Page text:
The Minimum Efficiency Reporting Value, commonly known as MERV, is a standard developed by ASHRAE that measures the overall effectiveness of air filters used in HVAC systems.

MERV values range from 1-16, with MERV 16 representing the highest value in filters that are not HEPA or ULPA. ASHRAE recommends using filters with a minimum of MERV 13 in all applications. If the existing HVAC system can’t accommodate MERV 13, ASHRAE recommends using the highest-MERV filters possible.


The main advantage of using high-MERV filters is, of course, cleaner, healthier air. And in 100% outside air systems, using higher-efficiency pre-filters can extend the life of HEPA filters downstream. The reality is, though, that many HVAC systems use filters with a value much lower than the recommended MERV 13.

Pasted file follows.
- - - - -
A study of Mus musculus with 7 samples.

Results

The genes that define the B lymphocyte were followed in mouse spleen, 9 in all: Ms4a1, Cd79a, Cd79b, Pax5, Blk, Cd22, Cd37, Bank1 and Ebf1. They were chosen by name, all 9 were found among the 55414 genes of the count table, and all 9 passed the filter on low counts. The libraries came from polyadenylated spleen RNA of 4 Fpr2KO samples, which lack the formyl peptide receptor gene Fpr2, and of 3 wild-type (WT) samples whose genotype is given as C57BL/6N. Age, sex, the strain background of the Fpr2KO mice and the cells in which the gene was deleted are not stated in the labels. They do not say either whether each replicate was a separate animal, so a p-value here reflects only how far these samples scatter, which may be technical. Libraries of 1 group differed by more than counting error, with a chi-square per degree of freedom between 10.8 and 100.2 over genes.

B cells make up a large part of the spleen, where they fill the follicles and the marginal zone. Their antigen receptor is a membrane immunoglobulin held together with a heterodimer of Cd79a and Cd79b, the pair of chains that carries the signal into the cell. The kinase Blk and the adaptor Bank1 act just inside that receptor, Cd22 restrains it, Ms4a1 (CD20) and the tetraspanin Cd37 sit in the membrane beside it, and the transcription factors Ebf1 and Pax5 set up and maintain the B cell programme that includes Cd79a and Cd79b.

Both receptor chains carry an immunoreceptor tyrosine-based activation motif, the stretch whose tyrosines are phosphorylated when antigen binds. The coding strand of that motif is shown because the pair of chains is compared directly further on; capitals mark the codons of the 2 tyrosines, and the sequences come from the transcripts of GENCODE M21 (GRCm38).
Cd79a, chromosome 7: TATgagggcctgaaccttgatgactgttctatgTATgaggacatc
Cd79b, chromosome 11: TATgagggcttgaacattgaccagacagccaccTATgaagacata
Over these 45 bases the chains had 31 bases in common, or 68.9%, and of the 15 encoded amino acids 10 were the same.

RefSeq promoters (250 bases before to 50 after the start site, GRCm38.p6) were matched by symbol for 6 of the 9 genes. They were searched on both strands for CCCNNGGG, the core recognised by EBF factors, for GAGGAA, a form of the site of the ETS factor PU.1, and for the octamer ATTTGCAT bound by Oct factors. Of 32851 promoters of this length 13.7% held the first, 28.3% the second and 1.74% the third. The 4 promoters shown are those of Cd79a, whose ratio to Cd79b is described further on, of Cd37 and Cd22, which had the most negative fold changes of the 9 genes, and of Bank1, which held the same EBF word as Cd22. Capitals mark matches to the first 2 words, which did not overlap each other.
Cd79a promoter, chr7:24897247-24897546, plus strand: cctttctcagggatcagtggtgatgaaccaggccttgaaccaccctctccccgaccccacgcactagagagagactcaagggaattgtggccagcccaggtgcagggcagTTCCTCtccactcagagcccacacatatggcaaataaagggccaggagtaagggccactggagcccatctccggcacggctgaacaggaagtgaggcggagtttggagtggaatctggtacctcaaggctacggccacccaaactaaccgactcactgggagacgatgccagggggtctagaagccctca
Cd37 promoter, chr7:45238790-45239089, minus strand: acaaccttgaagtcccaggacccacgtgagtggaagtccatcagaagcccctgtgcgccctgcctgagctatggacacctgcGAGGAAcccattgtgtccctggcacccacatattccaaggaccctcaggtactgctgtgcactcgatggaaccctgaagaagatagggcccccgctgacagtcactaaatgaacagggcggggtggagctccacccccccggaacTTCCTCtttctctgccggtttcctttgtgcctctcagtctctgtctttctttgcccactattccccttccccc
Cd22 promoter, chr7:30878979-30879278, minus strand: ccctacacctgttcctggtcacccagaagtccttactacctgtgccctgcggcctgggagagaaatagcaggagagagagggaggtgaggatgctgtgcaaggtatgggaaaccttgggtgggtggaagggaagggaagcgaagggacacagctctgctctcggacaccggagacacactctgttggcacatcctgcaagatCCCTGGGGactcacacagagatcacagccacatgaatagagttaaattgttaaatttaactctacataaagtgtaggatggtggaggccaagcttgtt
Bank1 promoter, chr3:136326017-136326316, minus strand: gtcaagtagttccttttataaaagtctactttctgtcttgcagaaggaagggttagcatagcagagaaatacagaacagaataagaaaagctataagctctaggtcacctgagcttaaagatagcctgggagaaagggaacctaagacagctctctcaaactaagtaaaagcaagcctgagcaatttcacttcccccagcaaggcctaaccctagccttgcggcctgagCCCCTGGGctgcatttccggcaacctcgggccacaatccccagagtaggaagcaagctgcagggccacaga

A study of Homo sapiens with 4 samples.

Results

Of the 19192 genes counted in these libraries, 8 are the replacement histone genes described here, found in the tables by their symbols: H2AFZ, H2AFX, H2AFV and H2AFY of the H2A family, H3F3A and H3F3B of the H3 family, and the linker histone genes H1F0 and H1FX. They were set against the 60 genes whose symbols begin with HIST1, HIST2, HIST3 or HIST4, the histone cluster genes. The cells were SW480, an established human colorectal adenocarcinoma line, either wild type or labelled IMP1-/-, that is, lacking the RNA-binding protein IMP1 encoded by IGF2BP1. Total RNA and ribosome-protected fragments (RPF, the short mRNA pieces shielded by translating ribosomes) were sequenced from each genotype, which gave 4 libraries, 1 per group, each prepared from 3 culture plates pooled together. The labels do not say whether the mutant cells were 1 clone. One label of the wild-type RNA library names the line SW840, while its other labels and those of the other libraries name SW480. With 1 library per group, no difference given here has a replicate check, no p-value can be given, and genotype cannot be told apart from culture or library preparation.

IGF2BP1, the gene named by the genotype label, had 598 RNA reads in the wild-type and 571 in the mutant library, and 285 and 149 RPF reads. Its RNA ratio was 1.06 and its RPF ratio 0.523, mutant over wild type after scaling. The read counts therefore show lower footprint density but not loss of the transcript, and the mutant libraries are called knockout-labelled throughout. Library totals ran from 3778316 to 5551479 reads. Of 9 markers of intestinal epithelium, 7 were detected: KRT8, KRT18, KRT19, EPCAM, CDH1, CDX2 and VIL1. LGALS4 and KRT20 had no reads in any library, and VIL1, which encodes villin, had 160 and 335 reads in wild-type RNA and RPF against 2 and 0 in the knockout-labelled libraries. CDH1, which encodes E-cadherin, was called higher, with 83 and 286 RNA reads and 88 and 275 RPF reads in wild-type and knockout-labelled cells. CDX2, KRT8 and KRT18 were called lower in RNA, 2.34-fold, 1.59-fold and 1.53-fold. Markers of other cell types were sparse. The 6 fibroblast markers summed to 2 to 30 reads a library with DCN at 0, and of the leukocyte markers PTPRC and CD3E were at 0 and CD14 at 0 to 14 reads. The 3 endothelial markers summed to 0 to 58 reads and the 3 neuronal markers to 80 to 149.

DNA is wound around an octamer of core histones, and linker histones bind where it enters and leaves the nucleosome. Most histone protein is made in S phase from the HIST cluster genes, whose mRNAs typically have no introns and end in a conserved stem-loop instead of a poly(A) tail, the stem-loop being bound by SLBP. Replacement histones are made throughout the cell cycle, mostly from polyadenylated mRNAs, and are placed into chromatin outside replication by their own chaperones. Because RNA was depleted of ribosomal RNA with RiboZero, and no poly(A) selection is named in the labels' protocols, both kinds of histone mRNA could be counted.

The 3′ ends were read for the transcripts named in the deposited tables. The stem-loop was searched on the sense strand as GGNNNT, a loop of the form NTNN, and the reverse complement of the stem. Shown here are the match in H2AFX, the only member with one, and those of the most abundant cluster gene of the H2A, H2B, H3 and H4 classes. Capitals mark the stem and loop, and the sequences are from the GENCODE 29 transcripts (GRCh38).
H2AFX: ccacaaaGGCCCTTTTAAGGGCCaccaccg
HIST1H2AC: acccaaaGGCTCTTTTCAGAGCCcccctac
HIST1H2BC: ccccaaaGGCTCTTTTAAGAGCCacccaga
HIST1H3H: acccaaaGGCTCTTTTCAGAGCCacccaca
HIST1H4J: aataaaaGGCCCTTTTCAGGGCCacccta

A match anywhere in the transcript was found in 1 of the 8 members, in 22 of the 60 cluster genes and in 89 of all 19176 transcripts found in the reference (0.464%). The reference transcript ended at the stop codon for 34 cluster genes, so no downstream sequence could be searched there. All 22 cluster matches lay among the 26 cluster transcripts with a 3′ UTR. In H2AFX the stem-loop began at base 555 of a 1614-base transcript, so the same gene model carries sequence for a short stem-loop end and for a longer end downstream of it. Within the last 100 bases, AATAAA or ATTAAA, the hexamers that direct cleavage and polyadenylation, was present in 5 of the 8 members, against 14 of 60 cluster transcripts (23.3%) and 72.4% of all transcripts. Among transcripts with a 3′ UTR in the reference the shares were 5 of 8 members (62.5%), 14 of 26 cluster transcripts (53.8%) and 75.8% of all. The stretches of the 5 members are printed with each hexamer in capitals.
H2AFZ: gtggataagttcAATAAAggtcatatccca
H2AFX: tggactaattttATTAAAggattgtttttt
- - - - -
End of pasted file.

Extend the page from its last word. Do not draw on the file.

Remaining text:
Can I upgrade to a higher MERV in my existing HVAC system?


It is often possible to upgrade filter efficiency in existing systems, however, it’s rarely as simple as dropping in a MERV 11 where a MERV 8 used to be. Those considering filter upgrades should have an HVAC specialist like MSC evaluate their system to determine the highest MERV it can accommodate. Otherwise, too-efficient filters can seriously restrict airflow, degrade system performance, and significantly increase energy use. A professional can also determine whether the system can be altered to accept higher-MERV filters such as by modifying filter racks, increasing fan speeds, or other methods.


What else should I know about MERV?


Higher MERV means cleaner air, but it should be understood that these filters load faster and must be changed more frequently. During the spring pollen season, even low-MERV filters can become clogged within a matter of weeks, so high-MERV users must be extra-diligent with filter changes during this period. HVAC systems with high-MERV filters usually consume more energy than their counterparts, but it's unlikely that utility bills will increase substantially when filter upgrades are done properly. These added costs may be well worth the improvement in IAQ, and in pre-filtered systems they may be far outweighed by the savings achieved by having to replace expensive HEPA or ULPA filters less often.